After fighting cancer for four years, Sage knows how to find a silver lining in even the toughest news.
So when the eight-year-old was told harsh rounds of chemotherapy are no longer an option, she at least started feeling well enough to go back to school.
“So much of her childhood has been taken away,” mother Lynn-Anne Graham said. “She deserves to go to school, to be a kid.”
A recent measles outbreak in Metro Vancouver, however, has forced Sage to stay at home.
Graham says her daughter was unable to get her second measles vaccination because of her ongoing treatment. The chemotherapy and radiation treatment has also left her immune system at greater risk.
Globalnews.ca coverage of measles
Sage’s oncology team at B.C. Children’s Hospital has said going to school is not worth the risk.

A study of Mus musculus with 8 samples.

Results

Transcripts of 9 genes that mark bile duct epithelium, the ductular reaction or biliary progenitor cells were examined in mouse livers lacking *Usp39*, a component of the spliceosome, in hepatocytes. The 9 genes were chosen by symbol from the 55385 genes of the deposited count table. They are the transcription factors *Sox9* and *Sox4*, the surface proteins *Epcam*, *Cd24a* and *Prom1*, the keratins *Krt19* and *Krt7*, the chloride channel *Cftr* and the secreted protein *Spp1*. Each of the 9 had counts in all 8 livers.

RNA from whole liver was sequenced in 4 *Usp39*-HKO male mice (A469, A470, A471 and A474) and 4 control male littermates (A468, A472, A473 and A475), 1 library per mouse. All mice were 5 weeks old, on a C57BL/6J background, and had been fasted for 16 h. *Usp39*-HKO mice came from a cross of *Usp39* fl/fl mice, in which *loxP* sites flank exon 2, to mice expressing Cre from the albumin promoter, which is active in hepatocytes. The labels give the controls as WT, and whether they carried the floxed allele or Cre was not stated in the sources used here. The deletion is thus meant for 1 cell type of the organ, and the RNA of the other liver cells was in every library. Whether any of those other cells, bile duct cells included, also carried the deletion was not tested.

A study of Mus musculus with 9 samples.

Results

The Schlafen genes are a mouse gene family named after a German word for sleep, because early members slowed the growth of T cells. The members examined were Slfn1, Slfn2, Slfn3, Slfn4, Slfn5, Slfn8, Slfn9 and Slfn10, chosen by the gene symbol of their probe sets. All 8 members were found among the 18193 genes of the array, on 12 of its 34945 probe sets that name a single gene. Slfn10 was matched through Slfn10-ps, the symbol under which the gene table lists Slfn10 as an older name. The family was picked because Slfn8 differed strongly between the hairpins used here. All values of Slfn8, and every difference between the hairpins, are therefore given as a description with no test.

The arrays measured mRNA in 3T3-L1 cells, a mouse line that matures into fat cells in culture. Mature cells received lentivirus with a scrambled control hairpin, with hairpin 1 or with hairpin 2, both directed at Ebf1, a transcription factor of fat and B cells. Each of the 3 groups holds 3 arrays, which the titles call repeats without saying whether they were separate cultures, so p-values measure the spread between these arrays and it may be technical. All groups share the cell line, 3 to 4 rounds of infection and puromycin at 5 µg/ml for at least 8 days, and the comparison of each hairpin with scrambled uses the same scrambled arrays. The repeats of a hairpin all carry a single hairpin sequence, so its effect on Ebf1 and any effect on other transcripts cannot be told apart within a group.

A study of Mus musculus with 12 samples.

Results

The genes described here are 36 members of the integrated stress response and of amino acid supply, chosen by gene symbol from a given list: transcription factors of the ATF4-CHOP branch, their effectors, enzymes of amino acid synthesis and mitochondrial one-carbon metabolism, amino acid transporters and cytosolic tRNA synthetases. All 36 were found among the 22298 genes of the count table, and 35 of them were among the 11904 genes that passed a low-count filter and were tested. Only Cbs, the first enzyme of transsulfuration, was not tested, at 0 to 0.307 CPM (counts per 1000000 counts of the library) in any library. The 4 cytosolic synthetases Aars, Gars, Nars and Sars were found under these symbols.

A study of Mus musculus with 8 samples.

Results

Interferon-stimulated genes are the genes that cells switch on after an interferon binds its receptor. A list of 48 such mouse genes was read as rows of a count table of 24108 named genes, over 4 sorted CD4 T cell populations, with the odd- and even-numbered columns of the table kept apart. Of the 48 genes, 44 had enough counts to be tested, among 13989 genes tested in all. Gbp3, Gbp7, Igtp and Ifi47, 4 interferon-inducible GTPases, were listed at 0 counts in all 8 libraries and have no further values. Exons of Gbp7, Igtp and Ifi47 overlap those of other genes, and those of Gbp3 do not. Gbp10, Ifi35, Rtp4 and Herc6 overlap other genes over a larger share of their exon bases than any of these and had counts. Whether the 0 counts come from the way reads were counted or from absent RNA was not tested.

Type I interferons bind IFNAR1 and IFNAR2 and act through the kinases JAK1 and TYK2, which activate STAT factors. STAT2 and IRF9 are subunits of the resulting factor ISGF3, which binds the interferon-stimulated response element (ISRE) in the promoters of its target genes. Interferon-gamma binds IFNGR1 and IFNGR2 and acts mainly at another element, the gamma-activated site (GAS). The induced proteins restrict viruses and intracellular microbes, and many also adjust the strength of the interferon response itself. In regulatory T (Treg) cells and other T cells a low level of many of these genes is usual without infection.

“It breaks my heart because she’s been through so much and we don’t know what’s coming ahead,” Graham said.
Vancouver Coastal Health said it has strong concerns for those with compromised immune systems.
“That’s actually one of the populations that we’re most worried about,” said Dr. Reka Gustafson, Medical Health Officer with Vancouver Coastal Health.
“We have had cases of measles develop in people who couldn’t be protected through immunization because of a medical condition.”
Graham said she’s frustrated that other parents’ decision to not vaccinate their children could be stripping her child of this small “sense of normal.”
Sage has been advised to stay at home until at least March 7, but with more cases of measles being reported that date is now in question.